Again the Baltimore Orioles signed an elder statesman who has seen better days to a minor-league contract. And again ESPN's headline is that the until-recently overpaid player took a big pay cut. The Orioles signed B.J. Surhoff earlier today and now they have signed Rick Helling. ESPN/the AP reports that Helling will make $1 M if he makes the team, compared to $6.5 M in 2002.
Here's what the luckiest average pitcher in baseball had to say:
"I went into the offseason expecting to take a pay cut with the economy in general being the way it is and the new collective bargaining agreement in place,'" Helling said. "But I didn't expect it to be this drastic. It turned out to be a very tough market for a lot of veteran guys who are solid big-league players, but not superstars."
Not a superstar? Helling is exactly an average pitcher for his career. His ERA is exactly equal to the adjusted league average for his career (props to Baseball-reference.com). Helling is only 32 but is three years removed from his prime. And his prime wasn't too darn good.
Here's what Mike Flanagan, a very average pitcher himself (his ERA was the league average, too), had to say about his team signing Helling:
"He's made 30 or more starts the past five years. He's an innings eater, a guy who's won 20 games in the big leagues, and he's a guy who wanted to come here."
A) He won 20 games with a 4.41 ERA. B) Aren't 30 bad starts a bad thing whether they come from one player or from various players?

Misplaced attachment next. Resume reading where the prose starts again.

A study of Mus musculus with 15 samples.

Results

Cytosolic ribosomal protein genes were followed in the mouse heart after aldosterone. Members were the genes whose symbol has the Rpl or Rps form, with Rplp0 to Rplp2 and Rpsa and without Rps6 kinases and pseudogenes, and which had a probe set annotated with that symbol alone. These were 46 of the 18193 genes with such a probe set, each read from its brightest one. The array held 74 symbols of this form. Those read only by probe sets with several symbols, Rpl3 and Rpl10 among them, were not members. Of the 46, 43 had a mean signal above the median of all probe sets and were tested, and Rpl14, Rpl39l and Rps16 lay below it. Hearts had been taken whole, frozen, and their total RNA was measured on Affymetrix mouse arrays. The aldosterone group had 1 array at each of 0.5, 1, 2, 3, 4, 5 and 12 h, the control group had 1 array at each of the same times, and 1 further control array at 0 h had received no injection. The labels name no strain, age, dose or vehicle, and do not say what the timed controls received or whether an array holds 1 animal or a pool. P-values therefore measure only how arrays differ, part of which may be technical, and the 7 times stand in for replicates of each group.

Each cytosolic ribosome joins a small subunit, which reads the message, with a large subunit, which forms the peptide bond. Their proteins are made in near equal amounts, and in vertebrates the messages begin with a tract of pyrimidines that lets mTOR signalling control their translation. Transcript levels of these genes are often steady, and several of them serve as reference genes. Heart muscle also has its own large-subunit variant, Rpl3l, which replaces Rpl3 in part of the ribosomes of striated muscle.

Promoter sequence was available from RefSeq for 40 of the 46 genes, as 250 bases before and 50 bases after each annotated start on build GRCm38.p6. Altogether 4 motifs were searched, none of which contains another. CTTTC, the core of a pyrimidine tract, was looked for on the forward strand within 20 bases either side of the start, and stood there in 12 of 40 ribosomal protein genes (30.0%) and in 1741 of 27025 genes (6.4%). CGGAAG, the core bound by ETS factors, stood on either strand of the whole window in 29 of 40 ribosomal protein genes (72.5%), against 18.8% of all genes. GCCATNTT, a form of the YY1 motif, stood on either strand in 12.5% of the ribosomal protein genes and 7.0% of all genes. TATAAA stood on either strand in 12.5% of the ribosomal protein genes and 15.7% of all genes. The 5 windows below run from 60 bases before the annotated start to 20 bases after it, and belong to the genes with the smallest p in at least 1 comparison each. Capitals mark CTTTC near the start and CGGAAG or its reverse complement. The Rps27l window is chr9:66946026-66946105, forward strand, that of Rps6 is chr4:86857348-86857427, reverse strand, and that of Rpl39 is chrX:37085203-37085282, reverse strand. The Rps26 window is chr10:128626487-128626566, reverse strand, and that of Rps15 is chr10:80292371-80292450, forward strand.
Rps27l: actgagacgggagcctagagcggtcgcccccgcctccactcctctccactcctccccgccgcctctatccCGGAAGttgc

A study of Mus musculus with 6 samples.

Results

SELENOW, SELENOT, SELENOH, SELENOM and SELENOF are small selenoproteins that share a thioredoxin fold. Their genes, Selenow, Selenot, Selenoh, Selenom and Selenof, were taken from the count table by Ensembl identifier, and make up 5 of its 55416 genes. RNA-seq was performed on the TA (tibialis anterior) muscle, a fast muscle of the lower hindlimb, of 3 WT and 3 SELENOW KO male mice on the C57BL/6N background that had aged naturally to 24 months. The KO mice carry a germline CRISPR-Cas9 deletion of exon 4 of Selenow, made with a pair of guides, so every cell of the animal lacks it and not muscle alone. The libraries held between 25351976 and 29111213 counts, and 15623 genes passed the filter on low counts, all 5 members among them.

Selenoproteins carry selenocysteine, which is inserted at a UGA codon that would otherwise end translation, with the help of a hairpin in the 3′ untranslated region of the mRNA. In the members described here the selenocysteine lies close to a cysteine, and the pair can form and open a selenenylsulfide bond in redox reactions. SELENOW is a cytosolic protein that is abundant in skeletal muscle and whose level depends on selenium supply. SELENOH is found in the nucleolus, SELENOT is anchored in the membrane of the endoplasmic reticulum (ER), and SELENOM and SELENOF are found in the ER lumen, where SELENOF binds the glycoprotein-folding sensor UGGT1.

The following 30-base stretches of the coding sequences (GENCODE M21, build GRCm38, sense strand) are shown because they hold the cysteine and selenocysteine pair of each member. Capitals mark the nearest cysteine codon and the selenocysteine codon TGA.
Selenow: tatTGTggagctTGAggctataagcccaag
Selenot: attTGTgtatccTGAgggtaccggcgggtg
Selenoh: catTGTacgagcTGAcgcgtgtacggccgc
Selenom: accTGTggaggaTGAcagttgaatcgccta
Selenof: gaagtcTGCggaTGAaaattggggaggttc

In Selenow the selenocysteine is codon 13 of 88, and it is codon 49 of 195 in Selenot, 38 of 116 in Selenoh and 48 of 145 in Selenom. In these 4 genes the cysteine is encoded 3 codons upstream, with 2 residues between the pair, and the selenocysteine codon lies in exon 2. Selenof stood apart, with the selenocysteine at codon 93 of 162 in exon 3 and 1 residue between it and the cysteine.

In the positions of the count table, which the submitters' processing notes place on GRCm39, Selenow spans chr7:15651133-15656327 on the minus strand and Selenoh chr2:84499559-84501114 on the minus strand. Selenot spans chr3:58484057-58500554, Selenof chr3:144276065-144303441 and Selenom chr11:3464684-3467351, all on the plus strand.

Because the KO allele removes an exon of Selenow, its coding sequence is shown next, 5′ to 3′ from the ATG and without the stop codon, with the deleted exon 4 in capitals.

His career ERA is 4.72. That's not good. His lowest ERA in any season was 4.31. He gives up 1.5 home runs per game.
He has improved in one area though, walks. His strikeout-per-9-innings has remained pretty much in the low 6's. But his strikeout-to-walk ratio and his WHIP have improved over the last couple of years.
But Helling clearly, though unintentionally, indicts his own signing with the following comment:
""With the Yankees and Red Sox in the same division, noboby is going to say we're going to win the division. But hopefully we can surprise some people. From what I've read, the Orioles are still trying to pick up more offense for their lineup. Pitching is considered the strength of the team and that is always a good area to be strong."
The O's aren't going anywhere, so why sign these aging non-stars like Helling, Surhoff, and Deivi Cruz? They won't help the team win. They won't help them rebulid. And they won't get fannies in seats. I guess the O's just can't pass up these "bargains". Consider that signing Helling seems to destine Hentgen and Erickson for the bullpen, thereby denying two young pitchers a tryout that could help the O's build for the future.
Besides pitching is their strength? The Orioles had a 4.46 ERA last year, exactly the AL average. Perhaps being average on this team constitutes a strength, especially when your team was second to last in scoring in the league. Deivi Cruz is nearly the same player offensively as Bordick (both had OPS's in the .660s). Melvin Mora, not much better than an average player, was one of their offensive leaders (.742 OPS, 19 HRs) in 2002. He apparently has no job right now, but catcher Geronimo Gil and his .632 OPS do. By the way, the O's re-signed ever-subpar double bagger Jerry Hairston Jr. for one year at $1.55 M today.
The Orioles can thank their lucky stars for the existence of the Devil Rays or else they would be sitting at the bottom of the division all by themselves.